Projects - Costa Rica

Project name:  Antibody neutralization profiles in human and wildlife sera against arboviruses
Institution:  Universidad de Costa Rica
Mentor: Eugenia Corrales

Costa Rica has several risk factors for viral emergence and spread, including climatic conditions, exorbitant species richness and an intense flux of humans due to tourism. Some of the most important emerging infectious diseases are grouped under arthropod-borne viruses (arboviruses) because of their transmission cycle involving arthropods as vectors. The recent introduction of Zika and Chikungunya virus into the Americas, now affecting millions of people on the continent, illustrate the importance of emerging arboviruses. Several of the most relevant arboviruses belong to viral genera Flavivirus and Alphavirus. Flaviviruses such as Dengue and Zika cause from asymptomatic disease to febrile illness, hemorrhagic complications, congenital complications or death. Alphaviruses include a variety of important human and animal pathogens and can cause a wide range of clinical diseases from asymptomatic or flu-like to fatal encephalitic disease. No published data are available for human alphavirus infections in Costa Rica so far. However, according to anecdotal evidence from public health institutes, several human cases of VEEV and EEEV have been suspected. Although the presence of these emerging viruses is documented in Costa Rica, misdiagnosis as Dengue and Zika disease is frequent since clinical diagnostics fail due to overlap in symptoms. Our group has conducted intense sampling fieldtrips in rural areas for collection of samples belonging to humans and animals (birds, bats, domestic animals, horses). Sera collected will be tested in several serological tests, but mainly by neutralization assays (PRNT). The selected student will aid in the neutralization assays against several arboviruses including Dengue, Zika, WNV, YFV and alphaviruses in these panels of different sera. The main goal is to determine antibody neutralization profiles against arboviruses.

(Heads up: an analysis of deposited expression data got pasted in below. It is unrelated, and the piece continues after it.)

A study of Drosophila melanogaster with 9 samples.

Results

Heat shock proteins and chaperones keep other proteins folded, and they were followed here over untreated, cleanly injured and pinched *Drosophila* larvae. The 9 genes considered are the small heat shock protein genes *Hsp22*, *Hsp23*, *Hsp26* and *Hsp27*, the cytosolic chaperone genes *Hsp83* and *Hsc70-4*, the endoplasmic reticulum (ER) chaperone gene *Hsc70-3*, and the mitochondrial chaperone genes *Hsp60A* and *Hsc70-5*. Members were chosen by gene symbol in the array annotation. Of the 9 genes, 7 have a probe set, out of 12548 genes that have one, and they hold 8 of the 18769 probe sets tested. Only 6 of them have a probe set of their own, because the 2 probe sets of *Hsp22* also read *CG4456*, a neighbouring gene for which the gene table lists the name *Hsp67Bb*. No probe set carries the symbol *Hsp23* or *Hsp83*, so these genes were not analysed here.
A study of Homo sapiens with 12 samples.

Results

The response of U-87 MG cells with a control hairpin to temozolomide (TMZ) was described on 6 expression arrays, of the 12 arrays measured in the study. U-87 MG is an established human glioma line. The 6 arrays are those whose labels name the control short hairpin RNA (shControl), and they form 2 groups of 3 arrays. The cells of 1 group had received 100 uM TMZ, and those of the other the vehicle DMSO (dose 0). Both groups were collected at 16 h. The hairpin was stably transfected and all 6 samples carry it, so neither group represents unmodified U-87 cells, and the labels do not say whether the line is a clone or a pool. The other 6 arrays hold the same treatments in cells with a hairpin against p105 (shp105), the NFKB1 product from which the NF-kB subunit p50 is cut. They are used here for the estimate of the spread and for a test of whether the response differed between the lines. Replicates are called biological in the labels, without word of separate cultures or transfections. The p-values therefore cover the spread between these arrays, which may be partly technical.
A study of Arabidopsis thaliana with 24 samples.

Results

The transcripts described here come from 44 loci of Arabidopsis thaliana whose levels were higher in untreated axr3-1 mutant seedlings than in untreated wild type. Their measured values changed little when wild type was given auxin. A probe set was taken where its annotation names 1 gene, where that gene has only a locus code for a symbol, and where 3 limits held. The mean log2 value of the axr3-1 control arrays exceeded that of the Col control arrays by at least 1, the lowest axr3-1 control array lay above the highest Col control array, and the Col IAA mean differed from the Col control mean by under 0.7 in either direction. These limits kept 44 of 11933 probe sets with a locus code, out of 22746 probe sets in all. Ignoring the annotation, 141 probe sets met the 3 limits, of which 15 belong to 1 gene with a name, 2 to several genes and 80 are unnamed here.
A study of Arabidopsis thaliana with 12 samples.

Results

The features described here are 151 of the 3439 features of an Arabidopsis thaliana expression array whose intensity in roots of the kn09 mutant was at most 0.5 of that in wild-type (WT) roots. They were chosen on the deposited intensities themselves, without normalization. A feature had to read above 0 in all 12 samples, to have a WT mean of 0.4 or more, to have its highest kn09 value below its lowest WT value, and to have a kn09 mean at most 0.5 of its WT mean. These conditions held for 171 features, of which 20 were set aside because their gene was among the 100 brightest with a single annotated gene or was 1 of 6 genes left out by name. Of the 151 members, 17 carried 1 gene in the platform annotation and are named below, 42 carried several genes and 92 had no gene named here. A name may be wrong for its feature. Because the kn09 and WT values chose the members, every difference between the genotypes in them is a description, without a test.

Experimental Methods: cell culture, arboviruses (Dengue, Zika, WNV, SLE, YFV, Alphaviruses) stock production and titration, neutralization by plaque reduction assays, data analysis and determination of antibody profiles. Field work for sampling may be necessary.

 

Project name:  Cellular and Molecular determinants of the intracellular lifestyle of bacteria from the genus Brucella
Institution:  Universidad de Costa Rica
Mentor: Esteban Chavez Olarte

Brucellosis is a zoonotic disease that affects domestic and wild animals inducing abortions and infections in the genito urinary tract. Humans are infected by contact with animal fluids or ingestion of unpasteurized milk derived products. The pathogenesis of brucellosis relies on the ability of bacteria of the genus Brucella to invade and survive within eukaryotic cell lines. Brucella binds to cell surface receptors induces its own internalization and evades the lysosomal route and instead re directs its trafficking to the endoplasmic reticulum where it multiplies. Several virulence related molecular systems have been described to be involved in this interaction. Among them, the two-component system BvrR/BvrS has been shown to work as a sensor that indicates to the bacteria the transition from the extracellular milieu to the intracellular environment, triggering the transcriptional response required to adapt to the new niche. Among the genes expressed upon BvrR/BvrS activation, stands up the virB operon that encodes for a type IV secretion system (T4SS VirB). This secretion machinery is assembled during the early stages of the intracellular cycle of Brucella and secretes protein effectors that modulate the intracellular trafficking of the bacterium. Our group has contributed to understand the process described above and is currently interested in understanding the proteomic modifications induced by Brucella in the transit compartment that transports the bacterium to the endoplasmic reticulum. In addition, we are exploring how extended is this strategy among the different species of the genus.


Main goal: To characterize at the proteomic and immunochemical level the compartments transporting intracellularly bacteria of the genus Brucella.


Experimental Methods: cell culture, bacterial infections, cell fractionation, ultracentrifugation, automated immuno fluorescence, bio informatics, western blotting.